Adding the agave elixir to your repertoire
By Sam Bygrave
Presented by David Hernandez, GRAIN, Sydney
There’s something inescapably rustic about tequila. It’s more in the idea than the product itself. Although the spirit itself is capable of being a rareified, elegant spirit — and often is — so much of the imagery around it brings everything back to the haciendas and agave fields of Mexico — a dusty, dilapidated glamour it has made all its own.
Proof that the most sublime things in life are often the most simple, the Tommy’s Margarita is perhaps the one true tequila tipple. It does everything it needs to, and nothing it doesn’t. It’s simple to make. And it tastes best when there is no frippery involved. Mixologists, you won’t be needed today. This drink tastes good served in a glass, jar or bucket (we’re partial to a bowl, too).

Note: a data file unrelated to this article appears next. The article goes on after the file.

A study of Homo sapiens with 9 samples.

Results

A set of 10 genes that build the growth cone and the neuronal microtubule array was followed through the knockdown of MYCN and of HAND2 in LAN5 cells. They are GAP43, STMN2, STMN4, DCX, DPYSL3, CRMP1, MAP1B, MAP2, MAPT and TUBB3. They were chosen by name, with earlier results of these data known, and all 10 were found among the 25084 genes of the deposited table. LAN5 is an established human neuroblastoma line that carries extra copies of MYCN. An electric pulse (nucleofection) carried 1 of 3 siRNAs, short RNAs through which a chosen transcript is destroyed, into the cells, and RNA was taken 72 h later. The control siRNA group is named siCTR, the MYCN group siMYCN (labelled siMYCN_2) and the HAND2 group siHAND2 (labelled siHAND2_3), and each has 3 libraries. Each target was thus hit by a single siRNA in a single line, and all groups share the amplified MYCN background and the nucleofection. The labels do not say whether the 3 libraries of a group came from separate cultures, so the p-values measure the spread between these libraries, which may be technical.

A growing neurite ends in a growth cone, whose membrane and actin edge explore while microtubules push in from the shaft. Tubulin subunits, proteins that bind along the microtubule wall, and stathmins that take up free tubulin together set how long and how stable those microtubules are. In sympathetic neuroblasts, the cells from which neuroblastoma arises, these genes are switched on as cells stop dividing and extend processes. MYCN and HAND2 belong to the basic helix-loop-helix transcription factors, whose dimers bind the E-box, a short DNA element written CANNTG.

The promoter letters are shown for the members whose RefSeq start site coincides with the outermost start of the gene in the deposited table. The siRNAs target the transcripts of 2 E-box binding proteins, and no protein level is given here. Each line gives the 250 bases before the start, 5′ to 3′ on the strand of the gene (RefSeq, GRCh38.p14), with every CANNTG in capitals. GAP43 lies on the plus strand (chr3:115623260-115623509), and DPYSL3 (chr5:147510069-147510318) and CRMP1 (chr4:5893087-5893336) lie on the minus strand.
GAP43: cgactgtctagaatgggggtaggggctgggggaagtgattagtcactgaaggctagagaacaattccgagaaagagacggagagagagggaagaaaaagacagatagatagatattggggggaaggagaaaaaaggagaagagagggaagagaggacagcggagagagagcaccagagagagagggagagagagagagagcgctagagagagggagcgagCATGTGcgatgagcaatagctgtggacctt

They’ll even taste good mixed up in a large blender jug. That’s how they’re mixed at the drink’s birthplace, Tommy’s Restaurant in San Francisco. Julio Bermejo created the drink in 1987, switching in agave nectar instead of the usual triple sec orange liqueur found in the traditional margarita.
Agave nectar provides sweetness to the drink and rounds out the sharpness of the lime. Made from the sap of the agave plant (as opposed to the flesh of the pina from which tequila is derived) its perceived sweetness is higher than that of regular sugar (weight for weight) and is naturally low on the glycemic index – but most of all, it reinforces the agave character of the drink.
It’s a simple drink that offers more than its individual components. And there’s something that is so “tequila” about the drink, too: conceived in a humble, family-run San Francisco restaurant, made with honest ingredients — it’s captured the attention of drinkers worldwide.
And that’s no mean feat to accomplish; after all, it’s a humble drink shaken in the jug of a blender.